And yes, I’ll concede that in this particular case a tubeless set-up would have easily taken care of it:
Meanwhile, I don’t pay close attention to the newest and latest in crabon bike blobbery, so I didn’t realize just how absurd internal cable routing had become:
Yes, thanks to this bike industry aversion to exposed cables (coupled with wonderful advances such as hydraulic disc brakes and electronic shifting), a simple stem swap now involves a visit to the bike shop and $300 worth of labor:
But it’s worth it for all those watts you save due to the decrease in wind resistance.
As I noted in my Twitter kvetching, the simple bicycle headset has now gone from something you tightened once and that allowed fast and simple bar height adjustment forevermore to an integrated nightmare. (And that’s not even addressing those revolutionary new “auto-centering” headsets.) Of course the trade-off is worth it for the increased stiffness of today’s oversized models…except it turns out we didn’t need the increased stiffness after all so now you have to buy a special stem to get rid of it:
Between the cost of the stem swap and the cost of the stem you’ve now spent over $500 to get the same performance out of your crabon “module” as you do out of a bike equipped with a quill stem in a one-inch headtube.
By the way, Cane Creek’s cutting-edge “ee” line also includes a titanium crank that costs over a grand:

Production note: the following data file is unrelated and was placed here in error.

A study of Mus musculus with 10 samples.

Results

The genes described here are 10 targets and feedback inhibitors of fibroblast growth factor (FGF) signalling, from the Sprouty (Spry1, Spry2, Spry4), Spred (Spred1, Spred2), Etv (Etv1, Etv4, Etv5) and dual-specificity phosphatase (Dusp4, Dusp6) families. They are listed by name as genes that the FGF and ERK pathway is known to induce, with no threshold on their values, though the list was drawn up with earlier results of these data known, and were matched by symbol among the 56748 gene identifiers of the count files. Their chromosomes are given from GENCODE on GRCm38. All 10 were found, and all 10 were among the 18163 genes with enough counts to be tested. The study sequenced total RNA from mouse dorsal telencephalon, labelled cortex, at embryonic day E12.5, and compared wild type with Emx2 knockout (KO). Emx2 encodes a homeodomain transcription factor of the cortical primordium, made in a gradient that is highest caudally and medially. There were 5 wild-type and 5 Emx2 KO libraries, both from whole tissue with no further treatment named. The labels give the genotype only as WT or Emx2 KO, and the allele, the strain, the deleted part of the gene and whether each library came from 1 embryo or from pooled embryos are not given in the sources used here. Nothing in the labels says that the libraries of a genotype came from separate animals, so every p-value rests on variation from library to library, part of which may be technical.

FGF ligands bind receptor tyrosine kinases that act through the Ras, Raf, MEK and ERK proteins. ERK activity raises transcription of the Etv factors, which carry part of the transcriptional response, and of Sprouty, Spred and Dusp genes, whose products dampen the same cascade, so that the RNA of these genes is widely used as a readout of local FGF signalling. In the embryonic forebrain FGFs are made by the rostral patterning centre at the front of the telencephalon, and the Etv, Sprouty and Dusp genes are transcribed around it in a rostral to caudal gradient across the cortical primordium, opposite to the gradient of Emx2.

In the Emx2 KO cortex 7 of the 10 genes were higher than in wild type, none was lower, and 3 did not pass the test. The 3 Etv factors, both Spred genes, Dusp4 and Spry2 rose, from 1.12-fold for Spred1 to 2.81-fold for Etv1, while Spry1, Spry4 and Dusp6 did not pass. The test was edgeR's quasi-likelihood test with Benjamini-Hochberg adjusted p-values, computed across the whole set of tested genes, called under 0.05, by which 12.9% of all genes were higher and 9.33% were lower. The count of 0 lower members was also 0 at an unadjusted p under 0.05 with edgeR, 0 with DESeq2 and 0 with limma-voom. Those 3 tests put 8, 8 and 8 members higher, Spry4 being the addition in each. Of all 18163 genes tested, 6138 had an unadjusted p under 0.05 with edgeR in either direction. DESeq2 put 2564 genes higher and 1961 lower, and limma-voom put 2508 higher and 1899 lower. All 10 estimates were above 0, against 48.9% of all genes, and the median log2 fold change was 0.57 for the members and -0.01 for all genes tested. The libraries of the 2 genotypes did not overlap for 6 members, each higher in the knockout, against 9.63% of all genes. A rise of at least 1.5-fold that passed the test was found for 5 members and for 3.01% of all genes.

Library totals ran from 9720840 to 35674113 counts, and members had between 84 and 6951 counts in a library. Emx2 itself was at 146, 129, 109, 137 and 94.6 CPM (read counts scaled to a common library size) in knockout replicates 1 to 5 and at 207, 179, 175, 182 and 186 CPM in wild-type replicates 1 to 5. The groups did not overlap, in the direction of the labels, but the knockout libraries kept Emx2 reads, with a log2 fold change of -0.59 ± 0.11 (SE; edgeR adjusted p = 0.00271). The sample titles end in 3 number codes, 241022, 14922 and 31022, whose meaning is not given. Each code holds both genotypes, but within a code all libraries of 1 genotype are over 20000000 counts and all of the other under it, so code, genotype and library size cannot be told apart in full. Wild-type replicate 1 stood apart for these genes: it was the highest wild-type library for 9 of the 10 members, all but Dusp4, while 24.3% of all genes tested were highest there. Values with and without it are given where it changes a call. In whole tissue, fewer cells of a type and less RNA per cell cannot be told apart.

Scoff if you will, but they’re totally worth it because they “relieve joint fatigue” and leave your “ankles feeling fresh:”
I admit I have never tried titanium cranks. However, I’ve ridden pretty much everything else, from one-piece steel to outboard-bearing crabon. While the passage above also indicates that crabon cranks are somehow “chattery,” I have never experienced this. In fact, besides obvious stuff like length and “Q-factor,” which you might notice, I have been unable to discern any difference whatsoever in “feel” between any decent crank, most likely because it does not exist on a level that is detectable by humans. Granted, I admit I’m not prepared to spend $1,000 to prove that this also extends to cranks made from titanium, but I’ve got a high degree of confidence it’s the case. (Now’s where you tell me about the titanium bottom bracket spindle you had in the ’80s that flexed so much you got chain rub if you so much as turned a pedal, and that snapped on you after three months.)
There are a lot of ways to piss your money away on bike stuff, but if you’re truly interested in in maximum expenditure for minimal return on investment, go buy yourself a really expensive aftermarket crank, they offer no benefit whatsoever.
But yes, it’s great to see Cane Creek now offers an entire line of components that will make your stiff race bike ride like a Rivendell with a Brooks saddle:
The seatpost costs $219 in aluminum and $319 in crabon, which means that once you factor in the bottom bracket and spider and chainring a complete Cane Creek plush-ification upgrade will cost at least as much as…a new Rivendell frame.
Funny how that works.
Speaking of which, they’ve got Sam Hillbornes in stock over at Old Man Petersen’s House of Ferrous Velocipedes. No internally routed headset cables, unfortunately. However, if you want to make cockpit swaps a pain in the ass for yourself or your mechanic, you can always use a single-bolt stem and wrap the bars with lots of cloth, twine and shellac.